Last week the Appellate Division of the Superior Court of New Jersey dismissed a lawsuit brought by pipe-maker JM Manufacturing Co. Inc. against former JM quality assurance engineer John Hendrix and his counsel. JM had accused Hendrix and his counsel of improperly using stolen trade secrets documents and other confidential information to launch a False Claims Act (FCA) case against the company. The FCA is a federal law that imposes liability on individuals and companies who defraud governmental programs. The Superior Court refused to revive the lawsuit, finding that those claims should have been raised in California federal court with the underlying FCA claim.

The New Jersey case stems from a qui tam whistleblower suit brought by former JM employee John Hendrix in 2006. Hendrix claimed that PVC pipes used across the country will rupture much earlier than expected because JM used shoddy manufacturing processes and substandard materials to produce them. Hendrix also claimed that JM lied about the quality of its pipes and failed to ensure that they met government standards.

In November 2013, a California federal jury concluded after a seven-week trial that JM knowingly made and sold substandard plastic pipe that was later used to build water and sewer systems across the country. This first-phase jury verdict found that JM would have to pay damages to Nevada, New Mexico, Virginia and 42 cities and water districts that joined the suit. Subsequent phases of that litigation remain pending.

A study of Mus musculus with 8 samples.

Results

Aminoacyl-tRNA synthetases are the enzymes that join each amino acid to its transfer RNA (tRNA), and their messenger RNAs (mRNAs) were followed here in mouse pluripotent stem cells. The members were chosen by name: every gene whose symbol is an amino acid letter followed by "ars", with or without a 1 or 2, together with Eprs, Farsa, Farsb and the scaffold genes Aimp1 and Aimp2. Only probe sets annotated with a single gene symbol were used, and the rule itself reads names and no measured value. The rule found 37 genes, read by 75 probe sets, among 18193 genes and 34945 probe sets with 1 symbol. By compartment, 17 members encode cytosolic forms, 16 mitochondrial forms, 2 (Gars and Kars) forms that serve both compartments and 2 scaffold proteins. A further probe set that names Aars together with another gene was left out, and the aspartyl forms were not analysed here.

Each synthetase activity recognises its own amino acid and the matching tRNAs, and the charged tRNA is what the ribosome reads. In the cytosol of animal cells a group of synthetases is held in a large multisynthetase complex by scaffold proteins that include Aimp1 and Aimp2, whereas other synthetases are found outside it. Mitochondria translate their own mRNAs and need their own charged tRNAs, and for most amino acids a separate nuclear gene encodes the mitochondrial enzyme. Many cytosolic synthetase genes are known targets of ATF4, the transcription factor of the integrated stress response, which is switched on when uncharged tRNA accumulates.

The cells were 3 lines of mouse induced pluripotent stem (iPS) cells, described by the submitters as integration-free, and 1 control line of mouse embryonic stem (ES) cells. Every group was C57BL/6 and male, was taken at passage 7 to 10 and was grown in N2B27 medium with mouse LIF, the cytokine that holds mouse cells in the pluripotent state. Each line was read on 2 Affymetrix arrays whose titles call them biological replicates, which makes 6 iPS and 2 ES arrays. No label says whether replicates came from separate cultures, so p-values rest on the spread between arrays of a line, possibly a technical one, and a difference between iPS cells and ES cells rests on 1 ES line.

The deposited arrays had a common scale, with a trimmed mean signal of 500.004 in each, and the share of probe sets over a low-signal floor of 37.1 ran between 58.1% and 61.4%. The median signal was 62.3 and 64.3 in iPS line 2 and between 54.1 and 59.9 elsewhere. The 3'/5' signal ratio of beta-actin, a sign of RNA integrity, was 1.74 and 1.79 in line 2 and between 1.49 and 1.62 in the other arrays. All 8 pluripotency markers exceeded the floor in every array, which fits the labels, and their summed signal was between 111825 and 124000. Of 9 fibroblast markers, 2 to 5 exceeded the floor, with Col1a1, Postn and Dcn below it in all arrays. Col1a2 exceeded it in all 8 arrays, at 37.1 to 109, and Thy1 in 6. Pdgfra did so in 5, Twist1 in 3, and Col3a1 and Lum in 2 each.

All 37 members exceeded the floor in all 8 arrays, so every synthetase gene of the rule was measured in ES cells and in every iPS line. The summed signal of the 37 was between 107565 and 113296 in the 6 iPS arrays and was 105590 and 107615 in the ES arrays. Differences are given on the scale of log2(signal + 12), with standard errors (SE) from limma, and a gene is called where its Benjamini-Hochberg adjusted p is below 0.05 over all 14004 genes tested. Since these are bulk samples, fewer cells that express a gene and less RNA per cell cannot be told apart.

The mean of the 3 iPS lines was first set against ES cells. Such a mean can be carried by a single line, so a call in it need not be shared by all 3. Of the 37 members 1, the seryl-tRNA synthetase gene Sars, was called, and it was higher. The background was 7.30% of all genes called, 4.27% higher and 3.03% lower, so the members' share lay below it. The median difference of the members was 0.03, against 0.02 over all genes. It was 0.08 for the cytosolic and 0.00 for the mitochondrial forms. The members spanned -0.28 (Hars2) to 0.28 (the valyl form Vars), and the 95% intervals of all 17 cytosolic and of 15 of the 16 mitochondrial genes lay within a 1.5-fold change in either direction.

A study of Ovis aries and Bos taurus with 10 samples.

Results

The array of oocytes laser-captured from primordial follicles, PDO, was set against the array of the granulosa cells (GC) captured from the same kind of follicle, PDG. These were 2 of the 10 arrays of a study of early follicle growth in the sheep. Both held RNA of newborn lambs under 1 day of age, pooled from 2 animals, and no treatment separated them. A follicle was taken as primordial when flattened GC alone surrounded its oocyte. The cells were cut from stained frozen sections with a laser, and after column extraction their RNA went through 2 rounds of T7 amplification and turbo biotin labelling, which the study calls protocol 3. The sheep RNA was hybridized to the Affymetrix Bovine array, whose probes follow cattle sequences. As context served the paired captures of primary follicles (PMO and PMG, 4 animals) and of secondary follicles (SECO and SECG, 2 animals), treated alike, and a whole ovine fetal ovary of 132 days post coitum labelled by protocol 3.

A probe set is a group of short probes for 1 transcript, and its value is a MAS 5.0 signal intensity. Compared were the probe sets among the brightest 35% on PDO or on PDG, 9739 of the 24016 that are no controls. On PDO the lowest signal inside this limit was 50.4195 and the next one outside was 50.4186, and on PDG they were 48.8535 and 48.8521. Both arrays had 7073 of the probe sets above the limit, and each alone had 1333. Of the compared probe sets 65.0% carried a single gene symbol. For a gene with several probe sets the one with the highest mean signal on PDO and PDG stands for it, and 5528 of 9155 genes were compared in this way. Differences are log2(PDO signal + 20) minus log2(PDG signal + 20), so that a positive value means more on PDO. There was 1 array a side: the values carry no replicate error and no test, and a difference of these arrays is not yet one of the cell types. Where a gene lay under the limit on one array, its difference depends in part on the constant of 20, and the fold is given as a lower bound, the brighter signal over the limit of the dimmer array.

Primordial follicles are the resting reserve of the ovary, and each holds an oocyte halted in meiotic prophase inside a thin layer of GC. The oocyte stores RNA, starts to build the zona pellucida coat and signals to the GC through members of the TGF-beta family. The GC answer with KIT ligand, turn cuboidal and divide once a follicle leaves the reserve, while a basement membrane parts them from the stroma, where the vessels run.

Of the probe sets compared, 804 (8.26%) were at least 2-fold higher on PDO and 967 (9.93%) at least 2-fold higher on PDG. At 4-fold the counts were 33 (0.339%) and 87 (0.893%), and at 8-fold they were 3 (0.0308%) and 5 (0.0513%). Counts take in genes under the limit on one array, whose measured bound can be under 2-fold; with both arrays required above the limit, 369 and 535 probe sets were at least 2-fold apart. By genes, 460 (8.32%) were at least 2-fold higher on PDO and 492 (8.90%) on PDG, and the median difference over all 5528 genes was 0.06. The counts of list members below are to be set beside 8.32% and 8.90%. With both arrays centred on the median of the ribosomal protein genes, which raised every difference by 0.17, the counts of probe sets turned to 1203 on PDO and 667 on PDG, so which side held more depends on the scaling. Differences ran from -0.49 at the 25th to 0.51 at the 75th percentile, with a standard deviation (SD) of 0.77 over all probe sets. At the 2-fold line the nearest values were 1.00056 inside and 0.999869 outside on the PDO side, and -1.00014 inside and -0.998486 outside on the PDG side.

Three months after the verdict, JM filed a lawsuit against Hendrix and his counsel in Middlesex County Superior Court of New Jersey. JM’s claim was that Hendrix’s case was based on stolen JM trade secrets. In June 2014 the New Jersey court dismissed the action and ruled that those trade secret claims belonged in California federal court as part of the ongoing qui tam case.  The New Jersey appeals court affirmed this ruling last week, finding that that JM should not be allowed to “sidestep the employee protection the FCA gives Hendrix by filing its claim in New Jersey” or use this separate proceeding to indemnify itself. The appeals court added that: “Clearly, the New Jersey litigation is being pursued to gain unfair advantage and to engage in the very forum shopping that the entire controversy doctrine is intended to avoid.” Therefore, if JM still wants to file its countersuit against Hendrix and his counsel, the company’s only option is to do so in California federal court.